Sunday 5 July 2015

Broad Bean harvest

Although my harvest of Broad Beans is not large, it is very welcome. So far I have harvested 2.6 kilograms of pods, and I expect I will get about another kilogram before they finish. I reckon to use about half a kilo of beans to serve two people, so that means we will have had about seven meals' worth of beans.

My beans this year are of two different varieties. One of these is "Imperial Green Longpod", the seeds of which I bought at the Hampshire Potato Day in January. The plants produce long slim, very green pods, with very little "internal padding". Each pod usually has about 6 or 7 beans.

The other variety is "De Monica", which were kindly supplied by the people at Marshalls. "De Monica" has produced short, fat pods, each with 4 or 5 beans, and lots of soft "internal padding".

Some of the pods however have been very strangely-shaped. I attribute this to the sap-sucking antics of the swarms of Blackfly that have infested the plants. These mis-shapen pods delivered just a couple of beans each.

The colour of the beans is very different too. The "De Monica" ones are very pale grey-green, whereas the "Imperial Green Longpod" live up to their name by being a bright (Jade?) green.

"De Monica"

"Imperial Green Longpod"

In terms of flavour, I can't say that I can discern any difference between the two varieties, but that is probably because we don't typically eat Broad Beans on their own, so the flavour may be altered by the presence of other flavours.

I know that this has been a very bad year for Broad Beans because the Blackfly has been so prolific.

Many of my gardening contacts have said that their Broad Beans have been a complete washout, so I reckon I have done quite well! I must confess though that I am slightly disappointed with the yield from my plants. They produced masses of flowers, but only a modest proportion of them were pollinated. We hear all the time about the decline in the bee population, so I guess this is evidence of it.


  1. Your broad beans look so nice. Those two varieties are not easily available in the states. I have tried growing Windsor a couple of times but did not get enough to be worth the space. And while I never see aphids in my garden, as soon as I planted broad beans they were attacked by black aphids. Where do they come from? Spontaneous generation?

  2. I don't think that's a bad haul from your plants, I'd be very pleased with that. I reckon if I were growing my veggies in the garden they'd be well pollinated, I've got a bumblebee nest here this year.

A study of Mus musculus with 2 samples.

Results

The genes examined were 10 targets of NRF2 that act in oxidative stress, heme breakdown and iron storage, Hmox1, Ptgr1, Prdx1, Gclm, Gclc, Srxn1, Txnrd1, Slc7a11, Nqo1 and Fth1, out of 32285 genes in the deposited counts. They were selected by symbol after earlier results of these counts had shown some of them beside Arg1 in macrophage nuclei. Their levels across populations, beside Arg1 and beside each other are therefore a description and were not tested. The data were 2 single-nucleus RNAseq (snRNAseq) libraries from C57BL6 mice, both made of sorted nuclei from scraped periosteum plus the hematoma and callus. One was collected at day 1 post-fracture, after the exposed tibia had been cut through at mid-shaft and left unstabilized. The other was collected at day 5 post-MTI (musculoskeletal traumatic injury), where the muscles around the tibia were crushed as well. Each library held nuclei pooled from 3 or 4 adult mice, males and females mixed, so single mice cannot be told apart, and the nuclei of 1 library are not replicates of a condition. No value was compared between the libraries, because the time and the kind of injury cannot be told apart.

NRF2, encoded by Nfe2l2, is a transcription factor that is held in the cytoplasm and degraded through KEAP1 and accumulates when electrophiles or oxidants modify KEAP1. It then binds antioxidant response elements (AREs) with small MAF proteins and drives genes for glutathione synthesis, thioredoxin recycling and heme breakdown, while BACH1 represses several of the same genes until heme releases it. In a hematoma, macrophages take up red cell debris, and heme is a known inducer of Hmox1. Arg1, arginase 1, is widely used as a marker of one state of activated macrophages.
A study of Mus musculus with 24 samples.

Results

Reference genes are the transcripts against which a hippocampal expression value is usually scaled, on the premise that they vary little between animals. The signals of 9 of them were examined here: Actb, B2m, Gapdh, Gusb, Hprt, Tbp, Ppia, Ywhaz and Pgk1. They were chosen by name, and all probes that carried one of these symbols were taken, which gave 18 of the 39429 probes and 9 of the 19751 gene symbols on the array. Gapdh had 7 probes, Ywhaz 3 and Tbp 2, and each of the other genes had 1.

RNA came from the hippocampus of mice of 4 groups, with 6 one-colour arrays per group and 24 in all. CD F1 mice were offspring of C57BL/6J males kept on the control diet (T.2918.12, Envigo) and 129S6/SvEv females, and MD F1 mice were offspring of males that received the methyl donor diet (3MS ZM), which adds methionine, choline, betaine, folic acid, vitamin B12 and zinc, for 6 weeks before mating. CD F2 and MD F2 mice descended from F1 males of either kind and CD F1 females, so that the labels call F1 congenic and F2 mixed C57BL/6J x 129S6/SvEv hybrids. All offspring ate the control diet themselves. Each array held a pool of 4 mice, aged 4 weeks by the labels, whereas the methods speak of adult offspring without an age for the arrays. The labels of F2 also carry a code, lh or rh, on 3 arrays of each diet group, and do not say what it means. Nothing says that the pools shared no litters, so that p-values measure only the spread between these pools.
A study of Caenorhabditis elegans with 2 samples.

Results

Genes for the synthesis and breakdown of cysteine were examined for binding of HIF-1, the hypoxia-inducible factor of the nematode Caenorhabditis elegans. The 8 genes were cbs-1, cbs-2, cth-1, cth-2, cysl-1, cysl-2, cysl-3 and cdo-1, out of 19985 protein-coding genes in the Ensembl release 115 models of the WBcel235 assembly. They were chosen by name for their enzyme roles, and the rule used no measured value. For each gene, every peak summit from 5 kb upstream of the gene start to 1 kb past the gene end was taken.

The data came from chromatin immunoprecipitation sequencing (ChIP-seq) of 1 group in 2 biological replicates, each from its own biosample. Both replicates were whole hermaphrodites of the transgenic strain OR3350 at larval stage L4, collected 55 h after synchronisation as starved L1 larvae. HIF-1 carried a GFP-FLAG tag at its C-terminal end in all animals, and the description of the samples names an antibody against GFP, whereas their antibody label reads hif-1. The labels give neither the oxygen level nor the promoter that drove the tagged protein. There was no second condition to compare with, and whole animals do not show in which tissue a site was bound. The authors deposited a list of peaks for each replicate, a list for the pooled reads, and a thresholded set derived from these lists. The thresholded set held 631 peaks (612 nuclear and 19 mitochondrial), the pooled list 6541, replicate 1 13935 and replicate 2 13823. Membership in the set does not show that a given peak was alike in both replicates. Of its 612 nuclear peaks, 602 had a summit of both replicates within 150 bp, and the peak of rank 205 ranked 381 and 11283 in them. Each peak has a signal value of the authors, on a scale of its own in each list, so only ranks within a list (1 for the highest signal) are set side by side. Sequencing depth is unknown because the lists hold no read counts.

3. I know what you mean about padding - I opened up my first broad bean this past week as it felt quite full. The beans inside still seemed rather small & I was surprised by the amount of "padding". Having never grown them before, perhaps they were not that small, but since the pod only seemed half full once opened, maybe that tainted my perception.

    1. It depends how big you want your beans Margaret. Some people like to harvest them small and sweet but I prefer to get a bit more quantity so leave them swell more in the pods. First-time round it's hard to judge when's the right time for you, they can feel really big but then when you open a pod they're tiny.

  4. I am still waiting on my Broad Beans, we always seem to be a few weeks behind up here. So far they are looking like they'll produce well but fingers crossed!

  5. The blackfly are attacking virtually everything in my garden this year - chillies, chard, beetroot, peas, lettuce, courgettes, coriander, kohlrabi, french beans… No idea why there are so many this year, is it the (rubbish) weather?!

  6. Too bad about the aphids. I always wonder what makes some years so bad and some years fine.

  7. My autumn sown broad beans Claudia cropped early (May) and so escaped the worst of the blackfly, unlike the March sown Robin Hood beans which were destroyed by the weight of aphid infestation. Also the overwintered beans were much better pollinated by the very active early bumble bees than the spring sown beans that suffered from the lack of later bee types. The downside of overwintering broad beans is that there can be heavy plant losses in bad winter weather, so it is always a bit of a gamble.

  8. Like spade and dagger, my autumn sown BB escaped black fly but the spring ones have had it bad. I gave them a spray with washing-up liquid solution but the amount of black fly was huge already. Not that many flowers set (despite having masses of flowers) but the pods feel full. Whereas my autumn beans had quite a good number of pods but some of the pods only had a couple of beans.